The European Central Bank (ECB) has given its strongest signal yet that it will start cutting interest rates beginning next month.

According to the minutes of the ECB’s April policy meeting, “It was seen as plausible that the Governing Council would be in a position to start easing monetary policy restriction [in] June.”

Not only that, policymakers indicated that June’s rate cut would not be a one-off but the first in a series of cuts.

“The risk of undershooting the inflation target and eventually having to pay too high a price in terms of declining activity was now seen as being at least as high as the risk of acting too early and overshooting the target over the medium term,” the ECB said.

The ECB has good reason to be concerned about “declining activity.”

The eurozone economy has barely grown over the past year and even entered a technical, albeit mild, recession in the second half of 2023.

In March, central bank officials downgraded their outlook on the economy, forecasting growth of just 0.6% this year, down from 0.8% previously.

Against this backdrop, economists expect three rate cuts from the ECB this year, with most bets placed on the June, September, and December meetings.

ECB certainty versus Fed uncertainty

The ECB is moving with greater certainty on interest rates even as the U.S. Fed remains non-committal on the future of its monetary policy.

Like other central banks, the ECB raised interest rates sharply in response to rising inflation. But unlike the Fed, the ECB has made better progress in bringing inflation back down to its target level.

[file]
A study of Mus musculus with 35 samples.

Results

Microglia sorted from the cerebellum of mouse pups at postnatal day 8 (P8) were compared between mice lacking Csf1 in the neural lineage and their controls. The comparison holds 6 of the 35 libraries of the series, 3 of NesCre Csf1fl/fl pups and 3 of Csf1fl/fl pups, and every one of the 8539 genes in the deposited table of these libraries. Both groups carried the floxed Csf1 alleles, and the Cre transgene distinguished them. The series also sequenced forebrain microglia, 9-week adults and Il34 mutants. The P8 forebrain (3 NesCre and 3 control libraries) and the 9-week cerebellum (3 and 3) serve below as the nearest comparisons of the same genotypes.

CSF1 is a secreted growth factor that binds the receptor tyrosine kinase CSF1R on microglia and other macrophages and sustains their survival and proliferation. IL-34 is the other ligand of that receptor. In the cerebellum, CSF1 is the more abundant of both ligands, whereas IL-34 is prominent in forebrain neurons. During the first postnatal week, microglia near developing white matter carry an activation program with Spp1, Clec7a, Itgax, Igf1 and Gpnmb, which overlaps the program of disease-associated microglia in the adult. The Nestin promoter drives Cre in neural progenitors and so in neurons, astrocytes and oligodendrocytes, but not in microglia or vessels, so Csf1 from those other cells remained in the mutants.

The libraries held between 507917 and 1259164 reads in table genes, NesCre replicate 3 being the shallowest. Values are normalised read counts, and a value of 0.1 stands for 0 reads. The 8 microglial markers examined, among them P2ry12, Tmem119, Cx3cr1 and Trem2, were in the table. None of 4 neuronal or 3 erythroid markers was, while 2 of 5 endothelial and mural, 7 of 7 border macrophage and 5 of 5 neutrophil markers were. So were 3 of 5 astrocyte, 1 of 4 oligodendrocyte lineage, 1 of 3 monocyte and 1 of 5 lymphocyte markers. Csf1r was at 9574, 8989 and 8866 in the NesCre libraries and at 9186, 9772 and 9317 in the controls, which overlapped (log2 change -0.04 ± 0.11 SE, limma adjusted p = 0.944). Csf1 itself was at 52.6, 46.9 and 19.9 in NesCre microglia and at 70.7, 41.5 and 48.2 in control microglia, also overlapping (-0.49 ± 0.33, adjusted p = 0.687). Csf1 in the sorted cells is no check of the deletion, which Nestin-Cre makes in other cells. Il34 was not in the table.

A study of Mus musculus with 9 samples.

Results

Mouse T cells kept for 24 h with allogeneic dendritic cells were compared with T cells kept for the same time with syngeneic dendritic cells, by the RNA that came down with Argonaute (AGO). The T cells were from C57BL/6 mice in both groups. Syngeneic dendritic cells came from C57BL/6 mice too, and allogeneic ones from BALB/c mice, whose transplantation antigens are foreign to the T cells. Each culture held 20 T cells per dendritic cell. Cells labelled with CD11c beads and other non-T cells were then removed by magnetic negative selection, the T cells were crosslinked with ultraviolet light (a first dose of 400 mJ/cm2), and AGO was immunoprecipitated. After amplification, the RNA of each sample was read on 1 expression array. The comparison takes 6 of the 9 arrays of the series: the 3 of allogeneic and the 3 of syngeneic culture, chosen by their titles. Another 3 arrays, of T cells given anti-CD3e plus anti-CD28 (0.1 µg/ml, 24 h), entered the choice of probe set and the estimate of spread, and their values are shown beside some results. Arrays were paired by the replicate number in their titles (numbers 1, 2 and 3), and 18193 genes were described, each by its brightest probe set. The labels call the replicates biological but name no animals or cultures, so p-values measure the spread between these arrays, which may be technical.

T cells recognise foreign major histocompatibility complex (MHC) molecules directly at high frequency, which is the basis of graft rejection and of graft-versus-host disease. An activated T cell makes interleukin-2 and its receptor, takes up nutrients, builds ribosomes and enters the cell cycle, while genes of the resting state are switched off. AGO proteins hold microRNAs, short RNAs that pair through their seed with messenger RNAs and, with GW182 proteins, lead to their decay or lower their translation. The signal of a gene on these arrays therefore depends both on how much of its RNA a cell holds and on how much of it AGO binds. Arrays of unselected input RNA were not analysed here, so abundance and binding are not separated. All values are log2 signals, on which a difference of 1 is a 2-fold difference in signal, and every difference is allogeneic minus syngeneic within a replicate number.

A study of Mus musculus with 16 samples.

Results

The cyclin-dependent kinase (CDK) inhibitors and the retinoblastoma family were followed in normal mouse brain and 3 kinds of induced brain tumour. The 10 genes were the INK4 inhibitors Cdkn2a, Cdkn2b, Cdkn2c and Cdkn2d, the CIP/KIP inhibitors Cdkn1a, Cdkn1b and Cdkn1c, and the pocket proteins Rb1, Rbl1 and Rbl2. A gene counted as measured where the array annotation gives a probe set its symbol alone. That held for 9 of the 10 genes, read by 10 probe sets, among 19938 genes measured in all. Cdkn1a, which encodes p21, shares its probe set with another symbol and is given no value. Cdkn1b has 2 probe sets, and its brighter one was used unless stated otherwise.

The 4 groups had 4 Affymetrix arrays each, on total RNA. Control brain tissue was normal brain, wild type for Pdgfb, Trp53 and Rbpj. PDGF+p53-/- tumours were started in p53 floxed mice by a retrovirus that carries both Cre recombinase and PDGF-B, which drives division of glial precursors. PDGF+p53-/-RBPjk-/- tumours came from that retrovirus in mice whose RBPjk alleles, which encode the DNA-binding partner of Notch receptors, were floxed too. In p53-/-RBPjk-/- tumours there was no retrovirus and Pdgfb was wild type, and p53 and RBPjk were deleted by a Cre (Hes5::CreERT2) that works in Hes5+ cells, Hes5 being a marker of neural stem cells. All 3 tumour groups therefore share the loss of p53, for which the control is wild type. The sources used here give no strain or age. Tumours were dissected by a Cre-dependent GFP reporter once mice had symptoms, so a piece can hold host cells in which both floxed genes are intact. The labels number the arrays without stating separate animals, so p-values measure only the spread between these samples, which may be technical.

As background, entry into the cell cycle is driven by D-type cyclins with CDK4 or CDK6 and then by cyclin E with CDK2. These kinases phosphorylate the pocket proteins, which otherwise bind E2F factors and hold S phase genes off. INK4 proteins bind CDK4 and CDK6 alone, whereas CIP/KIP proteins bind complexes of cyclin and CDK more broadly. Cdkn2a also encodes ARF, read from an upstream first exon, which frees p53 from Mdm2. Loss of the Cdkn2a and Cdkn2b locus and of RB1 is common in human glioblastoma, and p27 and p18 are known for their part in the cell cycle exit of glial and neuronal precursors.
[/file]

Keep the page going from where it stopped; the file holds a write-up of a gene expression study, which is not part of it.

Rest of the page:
Inflation in the 20-member eurozone fell to 2.4% annually in April, down from 5.5% a year earlier.

Meanwhile, the U.S. Consumer Price Index re-accelerated to 3.4% annually in March, with forecasts calling for “sticky” inflation to persist for longer. That puts CPI even further away from the Fed’s 2% target.

Economists said the latest batch of U.S. GDP figures were the “worst possible outcome for the Fed,” as they showed a slowing economy and accelerating inflation.

“What does the Fed do when inflation is rising, but the economy is weakening? If you cut rates, inflation will skyrocket. If you raise rates, the economy crashes,” The Kobeissi Letter said of the Fed’s ongoing rate conundrum.

Unlike the ECB, the Fed doesn’t even have a “game plan” for its interest rate policy anymore, said Ed Al-Hussainy, a senior analyst at Columbia Threadneedle Investments.

The Fed will hold its next policy meeting between June 11-12.